94 percent of big-business leaders would consider moving off mainframes

Black and white mainframe

A new survey of senior IT decision makers at some of the world's largest organizations that still rely on legacy mainframe systems reveals that most want to move away from the technology due to the high cost and inflexibility that it has brought to their business.

The study from Microsoft and LzLabs surveyed IT leaders in the US, Canada, UK, France and Germany, and finds concerns about the skills crisis limiting number of mainframe professionals left in the market, and the importance of being able to leverage cloud deployment, agile development, and open source initiatives.

Of those surveyed 94 percent would consider moving off the mainframe and 77 percent say their organization should have already started the mainframe migration/modernization process to avoid being at risk.

81 percent are concerned by the potential skills gap in their organization's mainframe teams. In addition 50 percent say that mainframe market leader IBM is now more focused on Watson and cloud technologies than the mainframe.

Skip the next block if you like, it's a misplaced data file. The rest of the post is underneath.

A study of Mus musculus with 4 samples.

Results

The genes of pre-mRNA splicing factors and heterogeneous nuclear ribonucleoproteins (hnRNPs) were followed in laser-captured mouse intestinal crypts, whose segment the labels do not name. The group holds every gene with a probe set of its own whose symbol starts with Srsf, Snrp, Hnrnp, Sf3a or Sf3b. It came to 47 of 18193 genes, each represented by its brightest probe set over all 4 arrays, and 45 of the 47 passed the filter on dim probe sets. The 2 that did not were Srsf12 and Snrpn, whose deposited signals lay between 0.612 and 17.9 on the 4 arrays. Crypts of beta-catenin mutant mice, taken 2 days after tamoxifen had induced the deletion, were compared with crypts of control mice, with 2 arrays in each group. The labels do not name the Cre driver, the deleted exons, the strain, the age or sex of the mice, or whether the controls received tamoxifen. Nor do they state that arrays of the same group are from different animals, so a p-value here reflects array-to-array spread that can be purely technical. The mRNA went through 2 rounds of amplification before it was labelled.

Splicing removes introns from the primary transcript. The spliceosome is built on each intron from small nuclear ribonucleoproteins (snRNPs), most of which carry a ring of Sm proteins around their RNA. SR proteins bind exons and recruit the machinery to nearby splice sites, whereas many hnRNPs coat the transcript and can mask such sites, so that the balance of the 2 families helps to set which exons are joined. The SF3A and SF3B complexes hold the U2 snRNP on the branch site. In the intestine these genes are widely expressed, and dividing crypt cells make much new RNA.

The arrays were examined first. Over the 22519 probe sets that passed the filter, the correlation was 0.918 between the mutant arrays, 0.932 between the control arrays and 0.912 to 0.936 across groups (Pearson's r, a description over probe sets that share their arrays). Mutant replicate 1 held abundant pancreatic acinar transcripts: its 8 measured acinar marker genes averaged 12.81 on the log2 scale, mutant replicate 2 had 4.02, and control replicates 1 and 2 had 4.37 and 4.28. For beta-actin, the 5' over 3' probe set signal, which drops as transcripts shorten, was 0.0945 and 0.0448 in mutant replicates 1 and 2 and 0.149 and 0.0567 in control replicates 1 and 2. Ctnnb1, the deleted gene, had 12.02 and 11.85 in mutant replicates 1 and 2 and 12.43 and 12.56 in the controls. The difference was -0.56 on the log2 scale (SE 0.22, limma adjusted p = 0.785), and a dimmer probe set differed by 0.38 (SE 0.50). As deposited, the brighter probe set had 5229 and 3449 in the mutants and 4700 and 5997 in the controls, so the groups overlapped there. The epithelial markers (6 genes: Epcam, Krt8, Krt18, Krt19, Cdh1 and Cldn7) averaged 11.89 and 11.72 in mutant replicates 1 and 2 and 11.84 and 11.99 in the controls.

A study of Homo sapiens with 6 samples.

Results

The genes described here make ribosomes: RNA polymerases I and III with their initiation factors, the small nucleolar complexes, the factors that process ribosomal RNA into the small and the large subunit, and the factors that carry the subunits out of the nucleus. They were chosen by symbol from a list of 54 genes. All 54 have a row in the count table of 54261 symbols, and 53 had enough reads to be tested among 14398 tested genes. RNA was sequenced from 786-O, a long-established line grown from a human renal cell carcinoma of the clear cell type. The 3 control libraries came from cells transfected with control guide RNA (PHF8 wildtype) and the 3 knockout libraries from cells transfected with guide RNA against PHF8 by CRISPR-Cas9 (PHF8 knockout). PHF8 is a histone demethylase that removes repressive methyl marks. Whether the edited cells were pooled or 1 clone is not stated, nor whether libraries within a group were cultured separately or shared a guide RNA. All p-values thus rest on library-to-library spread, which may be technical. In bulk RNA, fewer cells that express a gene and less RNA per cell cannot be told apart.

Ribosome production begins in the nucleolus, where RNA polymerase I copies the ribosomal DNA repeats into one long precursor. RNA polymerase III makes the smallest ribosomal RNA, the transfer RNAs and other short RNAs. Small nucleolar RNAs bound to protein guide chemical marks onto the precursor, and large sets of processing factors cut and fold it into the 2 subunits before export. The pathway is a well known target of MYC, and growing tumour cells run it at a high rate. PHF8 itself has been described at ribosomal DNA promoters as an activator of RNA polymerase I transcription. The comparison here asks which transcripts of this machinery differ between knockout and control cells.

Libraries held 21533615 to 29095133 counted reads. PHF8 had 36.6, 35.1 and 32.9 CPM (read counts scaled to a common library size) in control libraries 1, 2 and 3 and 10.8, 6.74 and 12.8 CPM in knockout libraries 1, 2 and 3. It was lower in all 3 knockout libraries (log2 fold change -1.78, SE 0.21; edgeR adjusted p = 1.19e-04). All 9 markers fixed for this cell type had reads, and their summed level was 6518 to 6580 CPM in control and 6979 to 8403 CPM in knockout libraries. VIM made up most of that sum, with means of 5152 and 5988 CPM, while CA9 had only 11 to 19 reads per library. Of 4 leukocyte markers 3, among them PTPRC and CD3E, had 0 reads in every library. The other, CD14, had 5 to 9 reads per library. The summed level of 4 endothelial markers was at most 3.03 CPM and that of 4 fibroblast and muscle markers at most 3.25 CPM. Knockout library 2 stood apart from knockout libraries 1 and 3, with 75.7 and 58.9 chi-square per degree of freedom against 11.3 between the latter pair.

The results display a strong appetite for the adoption of modern innovative technologies across all sectors, with cloud deployment (85 percent) and open source (96 percent) being cited as playing a key role in future IT initiatives. However, over two thirds of respondents say that the inflexibility (71 percent) and cost (69 percent) of their mainframe is limiting the ability of their IT department to achieve this innovation.

"What we are seeing here is a tipping point for the future of the mainframe environment within organizations," says Thilo Rockmann, chairman and COO of LzLabs. "Decades of procrastination have led to a situation where businesses are now shackled by the extreme cost and inflexibility of their legacy systems, rendering them unable to keep pace with more agile competitors in their industries."

The consequences of the skills gap are looming large too, with 59 percent of respondents stating that the current level of skills in their mainframe management team will not be sufficient to meet their business requirements in the next five years. 56 percent of respondents believe that their organization has not properly implemented a succession plan for younger employees to absorb the knowledge required to maintain legacy mainframe architectures.

You can read more in the full report which is available from the LzLabs site.